Wrote about meeting The Guess Who in 1969, and speaking at length with Randy Bachman. Recalled his advice to songwriters: “Keep the publishing”. Thought he had followed his own advice. Then read an extract from his memoir, Tales From Beyond The Tap (Penguin Canada, 2014) as found in “Randy Bachman writes about split with Burton Cummings“, Toronto Star, March 7, 2014. He didn’t, because he couldn’t:
(In 1969, Bachman and Burton signed a contract with Jack Richardson and his production company Nimbus 9, which originally took 100 per cent of publishing while Burton and Bachman got their writers royalties.)
When I left the Guess Who I thought I would get my songs back but Jack said no. There was something that said that five years after your record contract ends you can get your songs back. Then the next thing is Jack’s built this recording studio in Toronto but he’s going bankrupt so he’s selling Nimbus 9 which includes our songs. I heard about it a few years later from Garry Peterson who was playing again with Burton in a trio with bass player Ian Gardiner. It was a Christmas party when he told me but Burton never said anything. I figured, “Great. We can get our songs back.” What had happened, though, was that Jim Martin, Jumbo our road manager in the Guess Who, had been walking by Jack’s studio in Toronto for old times’ sake when one of the employees asked him if he’d like to buy Nimbus 9’s publishing, namely the Guess Who song catalogue. Jumbo was working for Burton at the time and told him about it. Burton wasted no time in contacting his lawyer in L.A., Abe Somer, who brokered the deal for Burton to acquire all the Guess Who songs from “These Eyes” onward. All the songs including the ones I write alone or with Burton now came under the control of Shillelagh Music, Burton’s publishing company.
But at that point it was really a dead issue in terms of an income stream because this was still around 1980 and there was no classic rock radio, nostalgia movies or CDs. It was just a bunch of golden oldies that might get played once in awhile. The Guess Who album catalogue wasn’t even in the stores anymore. All that changed a decade later.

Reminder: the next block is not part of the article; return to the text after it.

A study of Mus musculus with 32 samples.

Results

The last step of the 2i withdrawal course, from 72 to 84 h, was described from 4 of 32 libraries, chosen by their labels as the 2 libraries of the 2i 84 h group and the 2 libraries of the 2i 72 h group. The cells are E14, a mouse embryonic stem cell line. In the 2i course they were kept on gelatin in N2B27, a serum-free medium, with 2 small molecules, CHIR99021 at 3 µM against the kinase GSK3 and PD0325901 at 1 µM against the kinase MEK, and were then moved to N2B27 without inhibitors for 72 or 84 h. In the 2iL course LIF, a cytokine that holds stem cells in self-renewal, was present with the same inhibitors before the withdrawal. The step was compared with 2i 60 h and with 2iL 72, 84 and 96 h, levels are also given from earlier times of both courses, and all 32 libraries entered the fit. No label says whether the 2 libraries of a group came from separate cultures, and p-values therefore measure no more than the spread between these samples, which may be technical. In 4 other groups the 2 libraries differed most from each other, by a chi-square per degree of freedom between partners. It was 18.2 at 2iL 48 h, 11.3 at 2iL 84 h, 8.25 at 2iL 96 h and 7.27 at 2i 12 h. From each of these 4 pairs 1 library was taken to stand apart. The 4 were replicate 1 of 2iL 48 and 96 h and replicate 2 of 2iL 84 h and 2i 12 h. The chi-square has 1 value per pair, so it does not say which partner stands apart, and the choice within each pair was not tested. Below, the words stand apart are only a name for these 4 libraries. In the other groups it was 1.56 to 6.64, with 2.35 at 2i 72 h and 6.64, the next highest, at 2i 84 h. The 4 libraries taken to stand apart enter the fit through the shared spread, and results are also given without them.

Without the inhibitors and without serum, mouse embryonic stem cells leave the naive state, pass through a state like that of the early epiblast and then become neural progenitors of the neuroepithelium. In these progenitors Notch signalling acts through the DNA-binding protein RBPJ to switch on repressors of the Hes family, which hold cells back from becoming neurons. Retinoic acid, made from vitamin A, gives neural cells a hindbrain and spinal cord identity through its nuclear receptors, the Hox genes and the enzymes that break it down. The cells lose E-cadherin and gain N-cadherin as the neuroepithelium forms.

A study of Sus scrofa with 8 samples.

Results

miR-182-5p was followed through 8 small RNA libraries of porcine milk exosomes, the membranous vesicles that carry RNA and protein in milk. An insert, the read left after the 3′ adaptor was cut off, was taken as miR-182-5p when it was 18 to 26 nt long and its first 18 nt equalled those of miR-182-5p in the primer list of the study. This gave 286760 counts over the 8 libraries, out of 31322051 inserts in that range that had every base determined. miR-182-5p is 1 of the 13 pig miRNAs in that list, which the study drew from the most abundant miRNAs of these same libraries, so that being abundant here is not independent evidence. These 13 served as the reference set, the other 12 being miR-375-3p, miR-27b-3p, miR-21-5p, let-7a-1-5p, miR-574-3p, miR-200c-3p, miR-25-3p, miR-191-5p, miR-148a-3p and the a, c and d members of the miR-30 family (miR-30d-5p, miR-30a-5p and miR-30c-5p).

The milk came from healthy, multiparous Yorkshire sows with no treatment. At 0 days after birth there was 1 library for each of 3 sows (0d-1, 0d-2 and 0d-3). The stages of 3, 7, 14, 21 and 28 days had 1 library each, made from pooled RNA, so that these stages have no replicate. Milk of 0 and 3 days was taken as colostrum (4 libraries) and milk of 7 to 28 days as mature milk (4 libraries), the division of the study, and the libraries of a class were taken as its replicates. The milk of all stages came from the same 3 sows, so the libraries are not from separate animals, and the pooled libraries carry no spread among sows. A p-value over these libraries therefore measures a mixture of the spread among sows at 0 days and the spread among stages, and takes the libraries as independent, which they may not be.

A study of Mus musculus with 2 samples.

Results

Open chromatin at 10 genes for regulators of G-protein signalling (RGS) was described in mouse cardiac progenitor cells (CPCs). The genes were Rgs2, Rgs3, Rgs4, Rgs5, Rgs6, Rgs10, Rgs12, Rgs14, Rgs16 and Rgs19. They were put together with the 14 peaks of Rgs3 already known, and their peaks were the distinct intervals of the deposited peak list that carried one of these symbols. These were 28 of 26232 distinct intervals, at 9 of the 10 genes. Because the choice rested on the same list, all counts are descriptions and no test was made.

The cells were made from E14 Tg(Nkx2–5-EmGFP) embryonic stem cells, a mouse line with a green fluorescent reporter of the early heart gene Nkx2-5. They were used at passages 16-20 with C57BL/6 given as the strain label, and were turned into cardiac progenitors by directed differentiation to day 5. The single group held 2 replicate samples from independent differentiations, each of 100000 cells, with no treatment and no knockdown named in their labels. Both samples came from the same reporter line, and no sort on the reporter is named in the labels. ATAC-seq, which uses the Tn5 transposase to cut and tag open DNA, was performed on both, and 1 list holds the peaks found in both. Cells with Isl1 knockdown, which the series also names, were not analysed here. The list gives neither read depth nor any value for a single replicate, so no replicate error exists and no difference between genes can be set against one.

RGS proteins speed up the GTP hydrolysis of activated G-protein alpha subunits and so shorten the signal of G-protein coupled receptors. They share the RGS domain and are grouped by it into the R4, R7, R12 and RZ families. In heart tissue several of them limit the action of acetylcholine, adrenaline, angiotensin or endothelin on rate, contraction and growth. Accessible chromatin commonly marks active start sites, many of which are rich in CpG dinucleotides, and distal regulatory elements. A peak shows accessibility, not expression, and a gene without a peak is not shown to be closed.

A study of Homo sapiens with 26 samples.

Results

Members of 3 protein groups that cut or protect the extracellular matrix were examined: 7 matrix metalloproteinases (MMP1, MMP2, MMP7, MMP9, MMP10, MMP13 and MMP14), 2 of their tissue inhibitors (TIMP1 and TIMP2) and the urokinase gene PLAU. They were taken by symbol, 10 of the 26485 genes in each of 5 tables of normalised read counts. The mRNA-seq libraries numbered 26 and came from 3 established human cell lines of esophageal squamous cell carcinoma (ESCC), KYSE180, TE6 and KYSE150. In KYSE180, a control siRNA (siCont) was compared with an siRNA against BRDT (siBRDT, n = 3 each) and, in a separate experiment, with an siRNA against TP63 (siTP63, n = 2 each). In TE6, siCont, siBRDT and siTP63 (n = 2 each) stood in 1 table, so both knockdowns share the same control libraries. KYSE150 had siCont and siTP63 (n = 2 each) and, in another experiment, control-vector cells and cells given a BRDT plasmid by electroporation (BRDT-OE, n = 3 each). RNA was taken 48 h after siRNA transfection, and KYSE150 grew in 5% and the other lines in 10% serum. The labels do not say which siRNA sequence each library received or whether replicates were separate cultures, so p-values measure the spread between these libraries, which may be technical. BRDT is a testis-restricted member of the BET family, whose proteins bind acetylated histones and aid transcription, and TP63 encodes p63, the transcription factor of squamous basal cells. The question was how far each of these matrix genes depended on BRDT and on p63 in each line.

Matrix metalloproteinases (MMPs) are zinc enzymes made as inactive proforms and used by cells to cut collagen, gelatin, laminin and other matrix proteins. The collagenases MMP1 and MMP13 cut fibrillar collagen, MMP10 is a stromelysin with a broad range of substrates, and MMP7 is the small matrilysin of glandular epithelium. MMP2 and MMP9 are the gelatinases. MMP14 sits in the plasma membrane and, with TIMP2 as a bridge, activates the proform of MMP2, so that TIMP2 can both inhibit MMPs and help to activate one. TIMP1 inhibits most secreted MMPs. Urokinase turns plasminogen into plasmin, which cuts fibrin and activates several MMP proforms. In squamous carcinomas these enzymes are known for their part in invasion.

The following year I saw Burton at another Christmas party at Garry Peterson’s house and asked him why I hadn’t gotten my songs back. He said to me, “Oh, just call Abe Somer and he’ll take care of it.” I called Abe Somer the following week and it’s the first and only time a lawyer has ever told me to f— off. He said that to me and hung up on me. So I ended up getting a lawyer and trying to sue to get my songs. But I lost. I should have gone after Burton on violating his fiduciary duty to me.
Then he was supposed to make it right when we got back together in 1987 but he didn’t. Maybe I should have spoken up when we were inducted into the Canadian Music Hall of Fame that year when I had the chance at the microphone…
During talks for the 2000 Guess Who reunion I was cautioned by management not to muddy the waters by bringing up the publishing or the tour would be off. Burton would walk out. So I bit my lip and kept quiet. Since then I’ve given Burton several opportunities to make things right. I’ve written him letters about it. But he’s never wanted to discuss it. Think of all the money that’s been generated by the Guess Who catalogue since that point? It’s in the millions.